Chicken Soup, Lemon Rosemary Roasted Chicken, red and white Quinoa, and 2008 Don Ernesto Crescendo!
This past weekend saw us under the weather and so we cooked up a lovely and helpful pot of chicken soup, along with our standby dinner of lemon rosemary roasted chicken, some really nice white and red quinoa, along with some fresh green salad. The chicken soup was really great and truly hit the spot. The weather out here in Northern California has been acting really strange and is starting to feel a lot like last year, cold and wet. There are is some solar heat and some sunny days, but a lot more cold days and wet days ahead, is what it feels like.
The chicken soup was what we all needed and because we threw it together last-minute we improvised slightly to make the pot. We added red wine to the soup and we threw in some chicken soup powder. Yeah, it was a shortcut, but in the end chicken is what counts and when it comes to the fowl department, we handled that just fine by throwing in a bunch of winged and neck material, along with most of the recipe’s vegetables.
For a wine we chose a lovely bottle of red wine, yes red wine! I know red wine is sometimes considered a faux pax in many people’s eyes when pairing with chicken soup and roasted chicken, but I liked it just fine. The rich and lemony flavors of the roasted chicken went fine with the medium to full-bodied wine and I really did not drink that much with the chicken soup, as all I wanted then was warm liquid. Once we finished the two rounds of soup we moved on to the dish of lemon rosemary roasted chicken, white and red quinoa, and fresh green salad.
The wine started off so closed it almost tasted flat and hollow. However, with more air the wine opened and showed its true colors. To be honest it takes a real pro to be able to realize the difference between a poor wine, a closed wine, and a dud. Folks who go to wine tastings, wineries, etc. where they pop open a bottle and pour a glass and expect to perceive all that a wine has to give, are fooling themselves. That is why I love wine tastings to pick out the wines I want to try again in a more controlled setting where I can open the bottle and watch it change in the glass. Also, this wine is a blended wine of two or three varietals, of which I do not actually know. It tasted a fair bit like Cabernet Sauvignon but then added in a fair bit of tar, vanilla, and spice, making me wonder if there is some Syrah in there as well. The wine is mevushal and is another very solid hit from the ever consistent winery in Napa Valley.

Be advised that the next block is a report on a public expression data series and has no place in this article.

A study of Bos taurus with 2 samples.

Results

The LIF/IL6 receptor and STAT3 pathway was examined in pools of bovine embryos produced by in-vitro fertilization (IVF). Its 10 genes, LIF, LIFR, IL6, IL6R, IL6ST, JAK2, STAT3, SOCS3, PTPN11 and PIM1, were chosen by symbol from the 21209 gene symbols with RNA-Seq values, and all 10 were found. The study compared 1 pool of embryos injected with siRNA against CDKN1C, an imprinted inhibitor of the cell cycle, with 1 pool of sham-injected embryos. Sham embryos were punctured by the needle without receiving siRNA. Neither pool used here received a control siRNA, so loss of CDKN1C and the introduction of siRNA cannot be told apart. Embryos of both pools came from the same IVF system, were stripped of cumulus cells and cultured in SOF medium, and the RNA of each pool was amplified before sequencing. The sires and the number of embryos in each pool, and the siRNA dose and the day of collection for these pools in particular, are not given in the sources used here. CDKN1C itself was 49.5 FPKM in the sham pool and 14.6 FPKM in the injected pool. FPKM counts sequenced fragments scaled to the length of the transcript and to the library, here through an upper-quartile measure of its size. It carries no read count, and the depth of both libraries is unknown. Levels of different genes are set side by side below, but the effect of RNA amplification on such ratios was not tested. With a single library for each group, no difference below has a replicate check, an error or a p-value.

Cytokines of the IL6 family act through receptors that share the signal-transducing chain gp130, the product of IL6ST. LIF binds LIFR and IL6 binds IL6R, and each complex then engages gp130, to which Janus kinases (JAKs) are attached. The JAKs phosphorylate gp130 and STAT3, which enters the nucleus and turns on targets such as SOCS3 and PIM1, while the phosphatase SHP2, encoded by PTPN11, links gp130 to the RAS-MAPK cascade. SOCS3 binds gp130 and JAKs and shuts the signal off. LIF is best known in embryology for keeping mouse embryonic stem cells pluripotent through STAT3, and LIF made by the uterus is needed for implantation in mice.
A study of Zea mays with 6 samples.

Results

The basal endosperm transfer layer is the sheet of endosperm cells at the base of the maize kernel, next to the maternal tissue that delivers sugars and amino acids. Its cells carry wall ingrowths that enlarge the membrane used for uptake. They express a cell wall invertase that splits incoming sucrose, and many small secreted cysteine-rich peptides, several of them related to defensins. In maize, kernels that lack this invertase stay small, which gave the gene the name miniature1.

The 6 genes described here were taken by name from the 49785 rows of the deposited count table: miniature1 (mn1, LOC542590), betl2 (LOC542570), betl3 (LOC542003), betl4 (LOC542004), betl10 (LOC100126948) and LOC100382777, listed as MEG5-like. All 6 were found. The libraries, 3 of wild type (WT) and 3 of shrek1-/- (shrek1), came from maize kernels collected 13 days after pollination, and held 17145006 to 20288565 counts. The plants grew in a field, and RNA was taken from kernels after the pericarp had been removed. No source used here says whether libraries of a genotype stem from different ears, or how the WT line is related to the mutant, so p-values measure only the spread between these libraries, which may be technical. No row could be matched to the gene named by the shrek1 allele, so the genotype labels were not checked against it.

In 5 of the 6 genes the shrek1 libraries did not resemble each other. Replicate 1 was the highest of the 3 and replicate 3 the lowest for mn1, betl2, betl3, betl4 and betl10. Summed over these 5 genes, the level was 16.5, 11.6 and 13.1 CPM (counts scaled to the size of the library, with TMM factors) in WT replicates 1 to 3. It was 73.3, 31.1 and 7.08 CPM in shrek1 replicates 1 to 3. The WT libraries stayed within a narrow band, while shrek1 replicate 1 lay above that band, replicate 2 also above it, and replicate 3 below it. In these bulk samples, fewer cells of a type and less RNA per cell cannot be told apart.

The wine note follows below:
2008 Hagafen Crescendo Don Ernesto – Score: B++ to A-
The nose on this dark garnet to black colored wine is closed as tight as a tin can to start, but with time the wine shows its special characteristics that bob and weave in the same rhythm as the varietals open and show their stuff. The wine is a blend of two or more red varietals, one that I think is Cabernet and one that felt like Syrah or Petite Verdot, but I could not be for sure. The nose starts with a very Cabernet style, including blackberry, blackcurrant, chocolate, rich oak, black cherry, raspberry, plum, licorice, pencil shavings, and spice. Over time the nose starts to show off more tar and vanilla. The mouth on this wine starts off very closed end the finish is very short and surprising. Once again, this one shows what my dear friend and wine maker – Craig Winchell told me many times, the only fact that a wine cannot lie about is its weight. Everything else can either be sleeping or closed or hiding away until the wine awakes or comes out of hiding. This wine is no different, it starts off very closed with a nice medium to full weight, but with about everything else fully hidden. Over time it opens with a rich and velvety almost plush mouth with tannins that start off closed and open slowly more and more, along with rich oak, blackcurrant, blackberry, black cherry, plum, raspberry, and lovely tannin. With even more time the wine shifts to show tar and more plum. The mid palate is balanced with nice acid, chocolate, tannin, and rich oak. The finish starts off short, but over time it becomes long and rich with rich oak, nice tannin, acid, blackberry, chocolate, tobacco, plum, and a dollop of spice and vanilla. This is quite a lovely wine that needs time to open and one that demands your attention as it evolves and changes in the glass and the day.